Allan Massie: Rugby must ban the big hitters

One greets the new pro club season this weekend with a mixture of eager '¨anticipation and anxiety.

France's and Wales' players vie for the ball in a ruck during the Six Nations international rugby union match between France and Wales on February 28, 2015 at the Stade de France in Saint-Denis, north of Paris. AFP PHOTO / FRANCK FIFE (Photo credit should read FRANCK FIFE/AFP/Getty Images)

The reason for the eagerness is obvious. There were some terrific matches in the Guinness Pro 12 last season and, this being a year free of World Cup distractions, there will be more cracking games in the months to come.

The competition is intense – there are at least half-a-dozen clubs capable of winning the title, and all of them are 
committed to playing open and attractive rugby.

narrow, one broad. The first is whether the Pro 12 clubs can compete effectively in Europe against their much richer English and French rivals.

None reached the Champions Cup quarter-finals last season. The move of Leone Nakarawa from Glasgow, where he still had a year left on his contract, to Racing92 shows just how money talks.

It is, however, the broad cause for anxiety that 
threatens the future of the game. It was highlighted this week in an interview on the BBC rugby website.

Shaun Longstaff, a New Zealander who won a dozen Scottish caps on the wing from 1998 to 2000, and is now an agent, expressed his fears that the ever-more urgent insistence on size and power is putting the future health of players at great risk and thus damaging the game itself.

He remarked that many players now take the field 
fitted by coaches with sensors “which measure the G-forces generated when players 

There are, he said, “coaches
who openly talk about the G-force on hits”. What is the consequence? “If you haven’t got the ball you shouldn’t be looking to think ‘there’s a dead ruck, so if I hit that really hard, my Gs are going to be really high’.”

For “certain directors of rugby” he said, “the main theme is violence at the breakdown”. Such violence can be very damaging, 
resulting in head injuries and 

One might observe that the word “hit” doesn’t appear in the Laws of the game. 
Actually a great deal – most? – of what goes on at the 
breakdown is in breach of the Law – and goes unpunished.

Take, for instance, Law 16.2 (b). It reads: “A player joining a ruck must bind on a team-mate or opponent, using the whole arm. The bind must either precede, or be simultaneous with, contact with any other part of the body of the player joining the ruck.”

Clear enough? A player is evidently in breach of the law if he charges into a ruck 
without binding “with the whole arm”. A penalty should be awarded against him. This law is flouted at every ruck and the wrong-doer is not penalised.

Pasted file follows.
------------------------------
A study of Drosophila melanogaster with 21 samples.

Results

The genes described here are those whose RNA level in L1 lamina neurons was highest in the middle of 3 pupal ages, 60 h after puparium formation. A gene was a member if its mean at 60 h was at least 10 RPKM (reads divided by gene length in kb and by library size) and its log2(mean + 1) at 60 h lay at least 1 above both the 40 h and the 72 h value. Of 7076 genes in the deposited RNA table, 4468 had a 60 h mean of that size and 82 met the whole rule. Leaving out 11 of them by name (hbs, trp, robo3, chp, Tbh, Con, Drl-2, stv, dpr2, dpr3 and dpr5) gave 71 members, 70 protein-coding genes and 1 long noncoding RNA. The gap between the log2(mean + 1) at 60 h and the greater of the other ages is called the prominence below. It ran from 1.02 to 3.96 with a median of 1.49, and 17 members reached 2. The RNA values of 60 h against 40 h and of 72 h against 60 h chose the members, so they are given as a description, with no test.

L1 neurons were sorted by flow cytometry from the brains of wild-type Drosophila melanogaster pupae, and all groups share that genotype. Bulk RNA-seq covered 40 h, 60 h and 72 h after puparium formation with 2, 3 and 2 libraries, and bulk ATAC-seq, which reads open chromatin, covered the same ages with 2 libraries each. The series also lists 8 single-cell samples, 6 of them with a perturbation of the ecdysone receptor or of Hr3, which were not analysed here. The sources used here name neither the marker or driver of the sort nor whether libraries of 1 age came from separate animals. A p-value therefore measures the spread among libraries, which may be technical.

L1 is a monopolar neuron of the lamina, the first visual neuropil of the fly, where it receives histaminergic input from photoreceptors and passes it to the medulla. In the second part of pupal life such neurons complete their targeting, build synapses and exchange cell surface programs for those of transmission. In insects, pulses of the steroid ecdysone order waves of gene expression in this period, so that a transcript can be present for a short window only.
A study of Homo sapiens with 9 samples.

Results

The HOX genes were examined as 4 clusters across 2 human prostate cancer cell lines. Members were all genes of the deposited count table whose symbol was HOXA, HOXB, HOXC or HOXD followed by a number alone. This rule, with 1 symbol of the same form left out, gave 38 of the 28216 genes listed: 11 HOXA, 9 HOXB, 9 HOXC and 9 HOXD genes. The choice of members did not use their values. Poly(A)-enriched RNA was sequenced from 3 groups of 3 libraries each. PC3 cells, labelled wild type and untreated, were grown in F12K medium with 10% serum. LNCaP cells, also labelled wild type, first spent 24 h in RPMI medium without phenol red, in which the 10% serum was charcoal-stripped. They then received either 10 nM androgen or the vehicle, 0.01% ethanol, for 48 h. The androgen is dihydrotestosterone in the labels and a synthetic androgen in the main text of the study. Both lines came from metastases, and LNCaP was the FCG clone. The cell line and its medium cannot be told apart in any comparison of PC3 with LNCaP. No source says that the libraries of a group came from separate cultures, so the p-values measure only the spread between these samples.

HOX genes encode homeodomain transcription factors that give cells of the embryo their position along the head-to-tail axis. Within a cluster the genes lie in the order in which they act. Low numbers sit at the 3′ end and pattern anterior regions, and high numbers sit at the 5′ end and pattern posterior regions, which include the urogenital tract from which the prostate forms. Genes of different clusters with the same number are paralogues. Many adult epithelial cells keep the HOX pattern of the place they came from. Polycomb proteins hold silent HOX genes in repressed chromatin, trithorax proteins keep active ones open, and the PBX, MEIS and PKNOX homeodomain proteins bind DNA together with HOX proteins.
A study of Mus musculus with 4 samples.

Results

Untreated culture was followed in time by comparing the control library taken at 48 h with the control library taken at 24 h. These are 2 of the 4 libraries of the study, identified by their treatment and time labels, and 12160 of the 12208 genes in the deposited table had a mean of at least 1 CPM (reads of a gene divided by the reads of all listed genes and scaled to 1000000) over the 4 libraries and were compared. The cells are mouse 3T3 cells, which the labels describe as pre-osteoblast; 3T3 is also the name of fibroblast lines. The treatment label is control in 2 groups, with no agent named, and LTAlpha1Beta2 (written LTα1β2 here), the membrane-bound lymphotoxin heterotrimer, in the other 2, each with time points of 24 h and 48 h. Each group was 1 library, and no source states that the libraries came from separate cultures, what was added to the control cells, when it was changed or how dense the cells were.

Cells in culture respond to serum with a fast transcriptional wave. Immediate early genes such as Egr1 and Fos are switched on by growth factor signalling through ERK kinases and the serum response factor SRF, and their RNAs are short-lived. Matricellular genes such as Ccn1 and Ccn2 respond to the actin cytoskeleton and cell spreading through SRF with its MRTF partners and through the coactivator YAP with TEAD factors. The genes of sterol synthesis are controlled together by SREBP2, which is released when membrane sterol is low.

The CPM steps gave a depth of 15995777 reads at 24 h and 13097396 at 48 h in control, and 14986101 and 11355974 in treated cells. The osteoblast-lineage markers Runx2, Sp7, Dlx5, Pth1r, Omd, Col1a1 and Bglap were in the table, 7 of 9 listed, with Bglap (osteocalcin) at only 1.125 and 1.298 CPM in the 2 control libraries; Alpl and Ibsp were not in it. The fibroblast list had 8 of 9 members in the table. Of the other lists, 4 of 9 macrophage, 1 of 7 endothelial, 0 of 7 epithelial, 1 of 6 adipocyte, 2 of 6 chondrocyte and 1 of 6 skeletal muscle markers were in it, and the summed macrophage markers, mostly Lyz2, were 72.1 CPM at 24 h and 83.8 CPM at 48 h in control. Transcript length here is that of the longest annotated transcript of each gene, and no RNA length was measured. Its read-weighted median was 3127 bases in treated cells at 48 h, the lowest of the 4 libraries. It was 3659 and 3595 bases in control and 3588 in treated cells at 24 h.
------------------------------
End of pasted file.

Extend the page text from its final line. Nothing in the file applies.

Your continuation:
Law 16.5 (c) reads “If a player
joins the ruck from the 
opposite side or in front of the hindmost team-mate, the player is offside”. Time and again we see players join the ruck in front of their hindmost team-mate, that they may hit an opponent and knock him backwards. They usually do so with impunity.

Or what about Law 15.7 (d)? Law 15 relates to the tackle. This sub-section states: 
“Players on their feet must not charge or obstruct an opponent who is not near the ball.” We see this permitted – therefore unpunished – time and again in every match, players being “taken out” as they attempt to join a ruck or compete at the tackle point.

Longstaff is right to deplore the encouragement of “hits”. This is in part a consequence of the emphasis on size and strength. But it is encouraged by the reluctance of referees actually to apply the Laws of the game.

One understands, of course, that they are keen to keep the play flowing, and that this is in the interest of spectators. Nevertheless, if they made it clear that transgression of the laws I have quoted would be punished according to the Law, then the game would be that bit less violent and the risk of serious injuries to some extent reduced.

It might be useful also to dampen coaches’ enthusiasm for big hits by making it illegal for players to be fitted with these sensors which monitor the power of such hits.

Referees are now commendably quick to respond to tackles on a player jumping to catch the ball, but they are far less alert to what may be the greater danger of a big hit at the ruck or tackle point. Rugby is quite rightly a physical game, but it need not be an illegally violent one.

A player who punches another will usually be 
punished. A player who 
delivers an illegal big hit will not be. For the good of the game punishment of such offences should be severe. I would suggest an automatic one-month suspension might bring an end to the practice.